Airbnb Takes Their Service to the Next Level: Building and Branding Their Own Apartments

October 22, 2017

Airbnb has been subject to increasing regulations from municipalities across the country, with various requirements being imposed. For example, many of these cities are necessitating that the owners of the units that are being listed obtain a rental license, limiting how many properties can be listed by one owner, requiring that the listing is the owner’s permanent residence, or subjecting them to hefty fines in areas that the rentals are not allowed.
Recently, Airbnb has announced a partnership with Newgard Development Group, a Florida real estate developer, to build an apartment complex in Kissimmee, Florida. This complex will be jointly branded “Niido powered by Airbnb”. The result will be a space that is designed for part term use as a rental property through Airbnb. The tenants can sign a lease with the landlord that allows them as tenants to rent out the space to others for up to 180 days per year. The apartment is designed to help facilitate this through ease of access for renters – such as keyless doors – and an app that will allow the tenant to manage the reservations and order cleaning services.
One of the main issues for many neighbors and landlords of apartment buildings subjected to frequent use by Airbnb travelers is the frustration with the noise and other results of so many people coming and going.

This has been part of the push for increased regulations. This new apartment design ensures uniform expectations across the board, with everyone involved aware of what the property they purchased or are renting will be used for.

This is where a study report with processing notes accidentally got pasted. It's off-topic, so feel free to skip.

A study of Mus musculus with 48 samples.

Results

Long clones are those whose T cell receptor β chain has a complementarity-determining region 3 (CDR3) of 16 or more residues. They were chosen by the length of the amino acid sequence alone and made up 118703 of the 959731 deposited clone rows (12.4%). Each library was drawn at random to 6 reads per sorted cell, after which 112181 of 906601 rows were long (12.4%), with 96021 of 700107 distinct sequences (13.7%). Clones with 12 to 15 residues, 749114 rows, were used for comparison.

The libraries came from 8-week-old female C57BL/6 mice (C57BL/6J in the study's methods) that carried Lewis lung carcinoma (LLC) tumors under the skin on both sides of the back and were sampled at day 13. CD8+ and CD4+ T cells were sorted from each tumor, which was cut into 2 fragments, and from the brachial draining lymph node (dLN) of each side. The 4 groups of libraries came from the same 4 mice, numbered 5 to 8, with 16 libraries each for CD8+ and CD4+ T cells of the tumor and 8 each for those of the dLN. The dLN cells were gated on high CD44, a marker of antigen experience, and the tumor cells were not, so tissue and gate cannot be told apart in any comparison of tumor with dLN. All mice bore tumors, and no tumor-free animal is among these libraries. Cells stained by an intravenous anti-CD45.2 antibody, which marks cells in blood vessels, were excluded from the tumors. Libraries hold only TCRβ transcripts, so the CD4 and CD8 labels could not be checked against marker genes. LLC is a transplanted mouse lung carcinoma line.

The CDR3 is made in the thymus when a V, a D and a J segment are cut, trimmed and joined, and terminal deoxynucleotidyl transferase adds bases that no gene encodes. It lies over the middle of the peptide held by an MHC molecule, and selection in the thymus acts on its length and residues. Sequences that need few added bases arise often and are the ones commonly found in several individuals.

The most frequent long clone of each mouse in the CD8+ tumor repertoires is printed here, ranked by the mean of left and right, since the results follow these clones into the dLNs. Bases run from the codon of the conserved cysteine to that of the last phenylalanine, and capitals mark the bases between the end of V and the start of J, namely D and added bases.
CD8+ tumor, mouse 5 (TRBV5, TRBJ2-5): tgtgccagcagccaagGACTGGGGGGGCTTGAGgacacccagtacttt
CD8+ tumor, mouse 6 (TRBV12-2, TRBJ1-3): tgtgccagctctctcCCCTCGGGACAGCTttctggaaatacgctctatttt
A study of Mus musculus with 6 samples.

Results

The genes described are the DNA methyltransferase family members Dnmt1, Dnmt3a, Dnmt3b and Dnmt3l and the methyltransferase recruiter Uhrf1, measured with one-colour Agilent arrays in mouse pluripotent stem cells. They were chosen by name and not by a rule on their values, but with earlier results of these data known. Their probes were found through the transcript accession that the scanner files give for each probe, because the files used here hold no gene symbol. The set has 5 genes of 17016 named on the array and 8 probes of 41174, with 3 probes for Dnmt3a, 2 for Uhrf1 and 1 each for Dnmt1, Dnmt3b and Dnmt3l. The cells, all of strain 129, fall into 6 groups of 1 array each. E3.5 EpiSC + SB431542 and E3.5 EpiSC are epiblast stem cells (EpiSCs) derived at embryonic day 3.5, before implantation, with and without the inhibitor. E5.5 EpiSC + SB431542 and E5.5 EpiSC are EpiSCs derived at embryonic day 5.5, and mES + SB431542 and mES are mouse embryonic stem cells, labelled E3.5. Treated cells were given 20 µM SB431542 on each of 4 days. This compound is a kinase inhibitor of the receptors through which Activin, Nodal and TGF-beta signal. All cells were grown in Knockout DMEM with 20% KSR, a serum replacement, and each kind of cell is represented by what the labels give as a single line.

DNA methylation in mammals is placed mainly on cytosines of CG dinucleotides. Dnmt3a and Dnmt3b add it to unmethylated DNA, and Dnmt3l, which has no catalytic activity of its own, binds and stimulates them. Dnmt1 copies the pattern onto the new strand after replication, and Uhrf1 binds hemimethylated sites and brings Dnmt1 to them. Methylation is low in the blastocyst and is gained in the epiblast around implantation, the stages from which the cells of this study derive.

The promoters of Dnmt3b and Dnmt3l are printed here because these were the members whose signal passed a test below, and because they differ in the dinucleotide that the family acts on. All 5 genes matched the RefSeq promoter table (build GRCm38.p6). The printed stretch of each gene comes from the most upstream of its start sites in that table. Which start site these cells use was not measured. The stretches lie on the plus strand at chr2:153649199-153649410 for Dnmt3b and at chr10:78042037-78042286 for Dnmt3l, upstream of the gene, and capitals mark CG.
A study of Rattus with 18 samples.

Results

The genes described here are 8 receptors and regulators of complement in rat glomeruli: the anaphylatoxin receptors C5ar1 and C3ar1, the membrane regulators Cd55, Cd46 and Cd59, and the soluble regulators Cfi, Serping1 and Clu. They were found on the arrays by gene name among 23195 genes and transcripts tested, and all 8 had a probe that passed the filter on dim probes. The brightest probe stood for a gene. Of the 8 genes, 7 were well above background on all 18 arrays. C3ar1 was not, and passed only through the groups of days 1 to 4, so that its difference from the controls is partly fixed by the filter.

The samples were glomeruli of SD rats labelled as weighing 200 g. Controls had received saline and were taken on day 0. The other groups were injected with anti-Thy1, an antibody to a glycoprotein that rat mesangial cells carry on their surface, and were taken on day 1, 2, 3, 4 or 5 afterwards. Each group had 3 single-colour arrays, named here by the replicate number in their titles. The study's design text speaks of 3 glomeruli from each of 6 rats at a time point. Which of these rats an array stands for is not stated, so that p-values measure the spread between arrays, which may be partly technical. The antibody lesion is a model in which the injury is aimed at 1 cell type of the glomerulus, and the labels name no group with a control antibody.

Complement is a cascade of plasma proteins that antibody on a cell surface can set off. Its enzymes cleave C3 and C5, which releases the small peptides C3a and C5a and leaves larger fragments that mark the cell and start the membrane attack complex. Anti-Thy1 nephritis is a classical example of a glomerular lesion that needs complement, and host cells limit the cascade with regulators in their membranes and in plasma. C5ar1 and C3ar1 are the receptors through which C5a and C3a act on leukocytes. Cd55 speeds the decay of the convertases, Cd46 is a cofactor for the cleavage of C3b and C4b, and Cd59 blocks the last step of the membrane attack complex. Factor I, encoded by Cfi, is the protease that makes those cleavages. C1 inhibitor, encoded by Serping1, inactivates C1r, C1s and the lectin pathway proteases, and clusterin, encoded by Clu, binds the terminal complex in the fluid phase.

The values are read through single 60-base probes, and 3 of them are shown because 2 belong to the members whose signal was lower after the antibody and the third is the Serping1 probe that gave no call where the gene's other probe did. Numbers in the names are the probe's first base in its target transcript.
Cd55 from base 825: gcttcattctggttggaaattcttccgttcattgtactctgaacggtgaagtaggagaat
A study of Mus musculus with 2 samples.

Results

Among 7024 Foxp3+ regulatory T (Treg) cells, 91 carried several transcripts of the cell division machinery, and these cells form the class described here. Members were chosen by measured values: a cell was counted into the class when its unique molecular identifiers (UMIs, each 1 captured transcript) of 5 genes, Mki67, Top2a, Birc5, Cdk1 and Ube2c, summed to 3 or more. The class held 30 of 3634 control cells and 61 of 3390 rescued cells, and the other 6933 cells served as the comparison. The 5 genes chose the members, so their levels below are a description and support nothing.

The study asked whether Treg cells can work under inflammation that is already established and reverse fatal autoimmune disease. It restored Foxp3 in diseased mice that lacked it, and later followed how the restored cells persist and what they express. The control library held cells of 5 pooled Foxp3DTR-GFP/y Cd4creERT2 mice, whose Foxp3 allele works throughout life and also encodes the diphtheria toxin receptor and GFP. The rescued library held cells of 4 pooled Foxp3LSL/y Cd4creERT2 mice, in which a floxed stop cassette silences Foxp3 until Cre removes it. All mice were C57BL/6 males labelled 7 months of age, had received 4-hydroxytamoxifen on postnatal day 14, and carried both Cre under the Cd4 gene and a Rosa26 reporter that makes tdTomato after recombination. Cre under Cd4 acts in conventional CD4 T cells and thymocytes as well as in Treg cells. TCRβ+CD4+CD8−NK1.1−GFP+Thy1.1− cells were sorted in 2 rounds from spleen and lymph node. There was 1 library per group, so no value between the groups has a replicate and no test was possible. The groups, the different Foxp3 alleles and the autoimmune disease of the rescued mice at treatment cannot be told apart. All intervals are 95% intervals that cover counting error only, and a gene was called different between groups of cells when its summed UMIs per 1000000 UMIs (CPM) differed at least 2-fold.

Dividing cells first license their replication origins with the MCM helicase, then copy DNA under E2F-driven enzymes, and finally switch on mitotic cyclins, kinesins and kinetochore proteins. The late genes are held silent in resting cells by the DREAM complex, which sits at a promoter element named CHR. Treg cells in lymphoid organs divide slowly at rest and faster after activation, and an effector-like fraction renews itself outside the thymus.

With regulations on the rise across the country, you have to wonder how these complexes will fare if there is a crackdown within the area they are located? For example, there is a proposed law in Los Angeles that seeks to limit the number of days a property can be rented out to 180. These are the same limits that the new Airbnb complex would impose, however, in areas that decide to take a more narrow approach and limit the number to 120 or even 90 as many people would like to see, how would that affect the business plan of these new apartments? Taking that concern even further, what will happen in areas that impose restrictions such as the requirement that the rental be the permanent residence (which these Airbnb apartments could be for a frequent traveler but unlikely to be in all cases) or banning them altogether?
Perhaps the way around this, playing off Jaja Jackson’s comment (Airbnb’s director of global multifamily partnerships) about the “ab[ility] to put Niido locations in cities and locations that aren’t typically associated with tourism,” is to simply not build in areas that will likely see the strictest regulations. However, if the apartments are built in an area that does not see high tourism rates, then what is the incentive for the tenants to lease one of these apartments? Without high demand, will the profits meet expectations?
This is an interesting idea by Airbnb, and one with potential. It could be a way around the problems that they seem to keep running into, but I will be staying tuned to see how these developments could be affected by new and increased regulations.